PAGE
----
Bioethics Blogs

Rats Have Empathy, But What About the Scientists Who Experiment on Them?

Decades of experiments have shown that rats are smart individuals that feel pain and pleasure, care about one another, can read others’ emotions, and will help unfamiliar rats even at a cost to themselves. It’s time to apply what we’ve learned from these animals and stop conducting experiments on them in laboratories.

Recently, there was substantial media coverage of experiments at Japan’s Kwansei Gakuin University demonstrating that rats will help other rats in need and even prioritize helping others over receiving a tasty reward.

The experimenters placed one rat in a water-filled tank, a situation that terrifies rats and from which they try desperately to escape to avoid drowning. A second rat on a platform had to figure out how to push open a door to help the drowning rat reach a dry area. The experimenters observed that rats quickly learned to open the door to rescue their cagemates. When given the choice between opening one door to save a drowning rat and opening another door to secure a chocolate treat, the platform rats helped the distressed rat first – and then shared the treat with the rescued rat. Rats who had themselves previously been thrown into the water tank were faster at opening the door to help their panicked cohorts.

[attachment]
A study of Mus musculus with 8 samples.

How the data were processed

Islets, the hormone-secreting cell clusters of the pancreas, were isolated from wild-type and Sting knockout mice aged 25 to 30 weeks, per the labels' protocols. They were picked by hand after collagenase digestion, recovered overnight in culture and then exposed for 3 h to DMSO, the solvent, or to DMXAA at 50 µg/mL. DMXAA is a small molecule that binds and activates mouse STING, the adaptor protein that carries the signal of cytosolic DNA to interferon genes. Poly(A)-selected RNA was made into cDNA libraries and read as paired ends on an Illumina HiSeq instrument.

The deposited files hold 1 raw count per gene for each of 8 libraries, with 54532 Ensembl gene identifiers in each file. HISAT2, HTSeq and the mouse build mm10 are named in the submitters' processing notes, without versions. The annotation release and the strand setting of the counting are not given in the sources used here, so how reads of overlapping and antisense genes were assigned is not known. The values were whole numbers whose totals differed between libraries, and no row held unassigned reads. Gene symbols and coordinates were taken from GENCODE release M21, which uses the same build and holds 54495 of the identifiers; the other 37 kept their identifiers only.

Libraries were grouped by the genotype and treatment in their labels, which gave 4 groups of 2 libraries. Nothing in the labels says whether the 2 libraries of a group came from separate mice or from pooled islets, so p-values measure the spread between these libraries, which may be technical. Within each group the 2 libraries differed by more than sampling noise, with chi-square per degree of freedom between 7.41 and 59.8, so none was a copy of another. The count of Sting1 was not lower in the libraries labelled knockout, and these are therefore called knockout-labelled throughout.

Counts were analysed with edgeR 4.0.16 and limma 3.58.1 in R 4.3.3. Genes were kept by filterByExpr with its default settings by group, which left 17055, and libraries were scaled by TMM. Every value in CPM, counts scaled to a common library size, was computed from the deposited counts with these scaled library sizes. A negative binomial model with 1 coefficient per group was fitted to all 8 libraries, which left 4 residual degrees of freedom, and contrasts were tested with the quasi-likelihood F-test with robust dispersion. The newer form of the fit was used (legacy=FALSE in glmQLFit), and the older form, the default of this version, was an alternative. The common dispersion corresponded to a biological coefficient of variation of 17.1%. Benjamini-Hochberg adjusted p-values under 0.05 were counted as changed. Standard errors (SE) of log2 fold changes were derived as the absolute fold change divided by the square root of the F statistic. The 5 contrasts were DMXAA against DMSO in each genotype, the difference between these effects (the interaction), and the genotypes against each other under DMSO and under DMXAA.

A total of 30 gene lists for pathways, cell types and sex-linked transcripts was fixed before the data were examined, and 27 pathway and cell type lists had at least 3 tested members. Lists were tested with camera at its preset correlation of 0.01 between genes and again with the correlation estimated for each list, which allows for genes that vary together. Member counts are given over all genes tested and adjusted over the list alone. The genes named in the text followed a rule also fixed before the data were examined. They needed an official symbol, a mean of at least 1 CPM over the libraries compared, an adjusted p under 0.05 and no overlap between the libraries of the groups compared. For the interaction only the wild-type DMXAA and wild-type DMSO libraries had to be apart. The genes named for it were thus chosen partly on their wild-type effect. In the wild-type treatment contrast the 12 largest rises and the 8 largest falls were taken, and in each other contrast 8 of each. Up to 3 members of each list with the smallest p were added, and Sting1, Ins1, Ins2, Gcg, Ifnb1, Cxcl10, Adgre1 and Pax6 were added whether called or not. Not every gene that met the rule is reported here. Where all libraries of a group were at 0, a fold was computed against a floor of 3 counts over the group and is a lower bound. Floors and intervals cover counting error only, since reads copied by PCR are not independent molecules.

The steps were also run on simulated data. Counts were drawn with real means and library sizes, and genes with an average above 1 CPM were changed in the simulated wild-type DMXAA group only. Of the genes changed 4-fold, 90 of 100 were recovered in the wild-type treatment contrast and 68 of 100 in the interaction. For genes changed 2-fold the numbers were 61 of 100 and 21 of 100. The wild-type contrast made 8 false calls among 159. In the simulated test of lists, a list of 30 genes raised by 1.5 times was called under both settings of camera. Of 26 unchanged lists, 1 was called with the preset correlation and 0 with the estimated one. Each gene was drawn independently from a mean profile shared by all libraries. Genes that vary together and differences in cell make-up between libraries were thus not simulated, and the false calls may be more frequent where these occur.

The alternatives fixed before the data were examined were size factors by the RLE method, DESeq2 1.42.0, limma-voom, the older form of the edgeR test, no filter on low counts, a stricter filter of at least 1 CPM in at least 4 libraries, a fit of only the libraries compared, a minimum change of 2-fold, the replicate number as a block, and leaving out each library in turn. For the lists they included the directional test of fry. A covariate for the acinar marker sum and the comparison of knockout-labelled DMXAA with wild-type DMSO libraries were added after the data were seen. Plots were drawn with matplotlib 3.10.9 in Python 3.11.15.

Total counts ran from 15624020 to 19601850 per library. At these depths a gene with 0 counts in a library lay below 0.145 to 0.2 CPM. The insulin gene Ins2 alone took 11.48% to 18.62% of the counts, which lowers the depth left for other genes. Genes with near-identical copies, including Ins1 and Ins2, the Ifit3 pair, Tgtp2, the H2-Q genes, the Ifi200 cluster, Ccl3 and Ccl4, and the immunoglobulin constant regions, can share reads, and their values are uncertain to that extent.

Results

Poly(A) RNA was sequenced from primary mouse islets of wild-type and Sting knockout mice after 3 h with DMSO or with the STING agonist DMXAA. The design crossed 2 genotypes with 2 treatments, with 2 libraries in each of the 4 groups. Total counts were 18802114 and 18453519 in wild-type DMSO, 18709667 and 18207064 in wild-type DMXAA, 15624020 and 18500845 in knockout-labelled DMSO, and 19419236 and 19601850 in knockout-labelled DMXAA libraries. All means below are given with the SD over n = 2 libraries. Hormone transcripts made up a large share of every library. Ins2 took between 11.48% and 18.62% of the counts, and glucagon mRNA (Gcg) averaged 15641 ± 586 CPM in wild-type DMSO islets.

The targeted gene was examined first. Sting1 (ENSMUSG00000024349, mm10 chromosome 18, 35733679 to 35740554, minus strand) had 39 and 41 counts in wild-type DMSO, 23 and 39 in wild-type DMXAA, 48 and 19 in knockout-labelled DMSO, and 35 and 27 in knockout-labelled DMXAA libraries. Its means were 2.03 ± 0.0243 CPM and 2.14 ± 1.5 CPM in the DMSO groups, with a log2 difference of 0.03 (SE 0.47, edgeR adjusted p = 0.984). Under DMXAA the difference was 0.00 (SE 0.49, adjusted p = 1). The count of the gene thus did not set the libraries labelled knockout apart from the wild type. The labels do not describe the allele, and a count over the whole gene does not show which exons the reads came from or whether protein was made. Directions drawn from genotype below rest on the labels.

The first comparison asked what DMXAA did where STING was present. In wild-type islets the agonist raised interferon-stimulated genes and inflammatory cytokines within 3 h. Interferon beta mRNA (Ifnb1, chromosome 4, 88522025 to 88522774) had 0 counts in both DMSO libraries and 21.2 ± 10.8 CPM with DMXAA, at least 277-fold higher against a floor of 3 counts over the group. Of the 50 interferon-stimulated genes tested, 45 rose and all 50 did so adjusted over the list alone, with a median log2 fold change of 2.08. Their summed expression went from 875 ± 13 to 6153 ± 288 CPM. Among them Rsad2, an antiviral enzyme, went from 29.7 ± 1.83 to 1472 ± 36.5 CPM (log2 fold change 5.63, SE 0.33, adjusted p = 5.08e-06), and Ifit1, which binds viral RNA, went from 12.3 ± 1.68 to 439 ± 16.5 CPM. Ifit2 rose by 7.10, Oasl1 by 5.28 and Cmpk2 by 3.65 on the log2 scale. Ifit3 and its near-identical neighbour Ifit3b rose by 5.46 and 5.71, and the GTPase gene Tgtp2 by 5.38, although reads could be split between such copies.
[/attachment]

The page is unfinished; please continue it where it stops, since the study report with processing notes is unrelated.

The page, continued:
This study is only the latest in a string of experiments spanning nearly 60 years demonstrating that rats show sympathy for pain and distress experienced by other rats and take action to help them.

In experiments conducted at Brown University in the 1950s, rats who had been trained to press a lever for food stopped pressing the lever when they realized that with each press, a rat in an adjoining cage would cry out in pain (after experiencing an electric shock).

The views, opinions and positions expressed by these authors and blogs are theirs and do not necessarily represent that of the Bioethics Research Library and Kennedy Institute of Ethics or Georgetown University.